There is a growing body of research that suggests that mood influences our ability to learn. Specifically, the theory behind this research supports the idea that being in a sad mood creates a narrower focus of attention, thus providing an individual with an enhanced ability to implicitly acquire and retain information. Implicit learning is unintended and is required to function. For instance, people must learn how to disseminate various sensory cues such as smells and sights and how to identify pertinent embedded information. The latter example was the focus of a recent study designed to test this theory.
Julie Bertels of the Centre for Research in Cognition and Neurosciences at the Free University of Brussels in Belgium chose to assess how well 128 college students were able to acquire and retain information on a statistical learning (SL) task and how their mood affected this ability. SL is similar to implicit learning and involves being able to identify numbers or letters embedded in other cues. The participants were required to complete the task while they listened to a sad or neutral story. They were assessed before and after the experiment. Some were put into a delayed group and assessed 20 minutes after completion to ensure mood states had returned to baseline levels. These delayed participants, along with the other participants, were asked to consciously retrieve the information they learned during the experiment. In total, three check-in points were used to assess SL skills and mood: immediately after the experiment, 20 minutes later (for delayed group), and 20 minutes further (for same delayed group).
The results revealed that mood definitely impacted the ability to consciously retrieve information. Even though Bertels found that the neutral and sad groups both performed equally during the tasks and immediately after, the confidence they reported pertaining to their performance was quite different. In fact, the sad group reported more confidence and indeed was better able to consciously retrieve the statistical information they acquired during the experiment. Regardless of whether sad/neutral participants were also part of the delayed group, the results remained the same. These findings demonstrate that although negative mood states can impair some cognitive capacities, the narrowing of focus appears to enhance statistical and implicit learning. Bertels added, “Further studies should systematically investigate the possibility that negative words induce an analytic processing style promoting conscious processing and, consequently, higher levels of performance in recall.”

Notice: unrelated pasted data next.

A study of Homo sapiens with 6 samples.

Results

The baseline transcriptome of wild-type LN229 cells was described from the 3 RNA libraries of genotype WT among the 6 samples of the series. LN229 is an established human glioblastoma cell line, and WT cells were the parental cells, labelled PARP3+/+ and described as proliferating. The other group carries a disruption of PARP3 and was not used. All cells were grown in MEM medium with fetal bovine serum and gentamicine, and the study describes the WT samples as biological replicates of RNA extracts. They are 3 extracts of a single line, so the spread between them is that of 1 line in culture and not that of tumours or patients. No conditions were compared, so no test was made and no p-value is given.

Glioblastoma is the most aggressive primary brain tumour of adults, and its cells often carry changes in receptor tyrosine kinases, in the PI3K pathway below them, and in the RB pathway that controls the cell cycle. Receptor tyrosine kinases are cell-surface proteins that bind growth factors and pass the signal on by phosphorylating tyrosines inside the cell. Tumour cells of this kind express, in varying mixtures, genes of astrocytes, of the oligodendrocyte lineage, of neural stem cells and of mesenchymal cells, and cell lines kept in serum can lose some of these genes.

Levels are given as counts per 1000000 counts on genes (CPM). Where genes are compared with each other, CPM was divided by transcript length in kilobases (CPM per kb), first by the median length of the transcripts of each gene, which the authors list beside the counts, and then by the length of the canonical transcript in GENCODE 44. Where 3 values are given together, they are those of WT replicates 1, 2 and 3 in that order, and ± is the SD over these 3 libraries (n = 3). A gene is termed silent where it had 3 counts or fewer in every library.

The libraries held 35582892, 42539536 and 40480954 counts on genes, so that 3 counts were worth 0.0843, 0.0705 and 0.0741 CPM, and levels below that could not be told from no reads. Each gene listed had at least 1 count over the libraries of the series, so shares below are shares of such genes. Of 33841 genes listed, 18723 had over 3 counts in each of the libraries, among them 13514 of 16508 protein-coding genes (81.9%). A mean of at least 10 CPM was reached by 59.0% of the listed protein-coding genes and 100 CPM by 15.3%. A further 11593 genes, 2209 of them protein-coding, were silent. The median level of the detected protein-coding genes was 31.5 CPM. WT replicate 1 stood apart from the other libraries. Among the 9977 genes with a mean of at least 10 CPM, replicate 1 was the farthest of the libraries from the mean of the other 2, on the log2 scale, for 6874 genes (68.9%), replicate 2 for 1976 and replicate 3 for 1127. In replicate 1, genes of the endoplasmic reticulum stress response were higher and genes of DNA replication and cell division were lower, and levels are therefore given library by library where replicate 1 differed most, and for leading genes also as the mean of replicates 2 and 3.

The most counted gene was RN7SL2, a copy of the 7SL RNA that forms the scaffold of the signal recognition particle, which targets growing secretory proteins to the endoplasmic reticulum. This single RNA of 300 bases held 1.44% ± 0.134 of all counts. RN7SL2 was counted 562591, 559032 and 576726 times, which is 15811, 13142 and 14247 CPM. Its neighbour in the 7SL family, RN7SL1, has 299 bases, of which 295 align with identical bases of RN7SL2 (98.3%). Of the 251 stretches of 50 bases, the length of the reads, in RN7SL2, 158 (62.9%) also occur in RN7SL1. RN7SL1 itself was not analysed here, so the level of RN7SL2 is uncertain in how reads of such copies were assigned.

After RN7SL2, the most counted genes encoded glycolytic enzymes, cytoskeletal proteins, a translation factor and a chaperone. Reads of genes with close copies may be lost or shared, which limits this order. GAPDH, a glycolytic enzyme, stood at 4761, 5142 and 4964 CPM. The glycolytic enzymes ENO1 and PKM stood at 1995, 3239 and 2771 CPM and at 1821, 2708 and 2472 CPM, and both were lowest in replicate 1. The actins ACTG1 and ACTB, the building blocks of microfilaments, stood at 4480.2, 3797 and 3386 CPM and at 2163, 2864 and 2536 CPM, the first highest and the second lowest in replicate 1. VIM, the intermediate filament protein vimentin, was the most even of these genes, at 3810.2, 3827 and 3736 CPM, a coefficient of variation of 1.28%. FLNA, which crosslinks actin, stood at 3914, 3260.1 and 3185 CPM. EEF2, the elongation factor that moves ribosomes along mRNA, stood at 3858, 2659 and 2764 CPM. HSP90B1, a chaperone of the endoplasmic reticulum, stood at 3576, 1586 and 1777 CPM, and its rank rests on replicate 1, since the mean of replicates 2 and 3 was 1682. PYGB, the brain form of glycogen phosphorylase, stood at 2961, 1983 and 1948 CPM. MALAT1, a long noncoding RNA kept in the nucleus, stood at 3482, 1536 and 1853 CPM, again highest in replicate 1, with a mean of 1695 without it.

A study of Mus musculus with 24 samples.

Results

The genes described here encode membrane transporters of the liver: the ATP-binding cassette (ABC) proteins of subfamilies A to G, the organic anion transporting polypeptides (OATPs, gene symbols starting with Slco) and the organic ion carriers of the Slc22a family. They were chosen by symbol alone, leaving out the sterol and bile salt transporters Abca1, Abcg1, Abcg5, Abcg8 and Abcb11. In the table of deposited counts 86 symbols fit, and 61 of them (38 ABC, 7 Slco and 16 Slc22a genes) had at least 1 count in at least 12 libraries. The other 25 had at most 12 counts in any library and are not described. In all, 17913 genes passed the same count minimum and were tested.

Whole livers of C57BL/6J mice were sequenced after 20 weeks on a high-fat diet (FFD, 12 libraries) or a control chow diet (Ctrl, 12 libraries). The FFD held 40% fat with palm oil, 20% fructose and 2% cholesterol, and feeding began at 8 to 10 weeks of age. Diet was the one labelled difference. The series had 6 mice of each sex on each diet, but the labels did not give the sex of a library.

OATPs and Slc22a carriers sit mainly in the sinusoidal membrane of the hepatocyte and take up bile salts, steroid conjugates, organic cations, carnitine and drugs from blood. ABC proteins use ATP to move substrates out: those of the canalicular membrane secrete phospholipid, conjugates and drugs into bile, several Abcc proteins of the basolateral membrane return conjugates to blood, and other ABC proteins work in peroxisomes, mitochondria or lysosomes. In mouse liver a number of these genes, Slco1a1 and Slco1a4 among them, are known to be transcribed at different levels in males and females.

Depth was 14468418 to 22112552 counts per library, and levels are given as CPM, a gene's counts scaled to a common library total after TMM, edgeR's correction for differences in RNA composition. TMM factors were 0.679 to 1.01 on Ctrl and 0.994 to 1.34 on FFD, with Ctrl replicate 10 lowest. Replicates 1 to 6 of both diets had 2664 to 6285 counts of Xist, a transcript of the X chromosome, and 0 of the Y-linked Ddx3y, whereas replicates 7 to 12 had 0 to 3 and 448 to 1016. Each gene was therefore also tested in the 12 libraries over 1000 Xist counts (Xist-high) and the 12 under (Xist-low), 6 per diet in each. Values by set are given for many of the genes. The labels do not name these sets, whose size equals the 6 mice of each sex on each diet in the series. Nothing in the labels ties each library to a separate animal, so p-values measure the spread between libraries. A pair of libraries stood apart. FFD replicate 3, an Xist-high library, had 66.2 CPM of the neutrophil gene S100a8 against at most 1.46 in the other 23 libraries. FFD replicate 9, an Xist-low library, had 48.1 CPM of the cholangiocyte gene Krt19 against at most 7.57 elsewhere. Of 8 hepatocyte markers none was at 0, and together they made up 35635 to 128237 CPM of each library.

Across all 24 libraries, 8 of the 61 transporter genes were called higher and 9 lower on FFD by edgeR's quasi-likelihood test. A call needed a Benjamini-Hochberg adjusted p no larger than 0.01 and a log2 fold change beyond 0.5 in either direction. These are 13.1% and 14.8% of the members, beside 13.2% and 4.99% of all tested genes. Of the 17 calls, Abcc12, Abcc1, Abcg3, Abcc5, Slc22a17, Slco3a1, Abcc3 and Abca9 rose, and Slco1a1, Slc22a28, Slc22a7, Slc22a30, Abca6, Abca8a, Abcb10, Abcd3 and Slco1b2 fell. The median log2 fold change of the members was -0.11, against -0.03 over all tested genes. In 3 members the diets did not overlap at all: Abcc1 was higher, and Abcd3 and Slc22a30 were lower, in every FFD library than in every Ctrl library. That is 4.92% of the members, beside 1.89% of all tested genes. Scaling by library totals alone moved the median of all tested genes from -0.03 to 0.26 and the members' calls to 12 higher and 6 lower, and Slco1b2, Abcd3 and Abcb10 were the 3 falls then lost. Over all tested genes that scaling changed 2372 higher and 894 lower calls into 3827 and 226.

Bertels J, Demoulin C, Franco A, Destrebecqz A. (2013). Side effects of being blue: Influence of sad mood on visual statistical learning. PLoS ONE 8(3): e59832. doi:10.1371/journal.pone.0059832
© Copyright 2013 GoodTherapy.org. All rights reserved.
The preceding article was solely written by the author named above. Any views and opinions expressed are not necessarily shared by GoodTherapy.org. Questions or concerns about the preceding article can be directed to the author or posted as a comment below.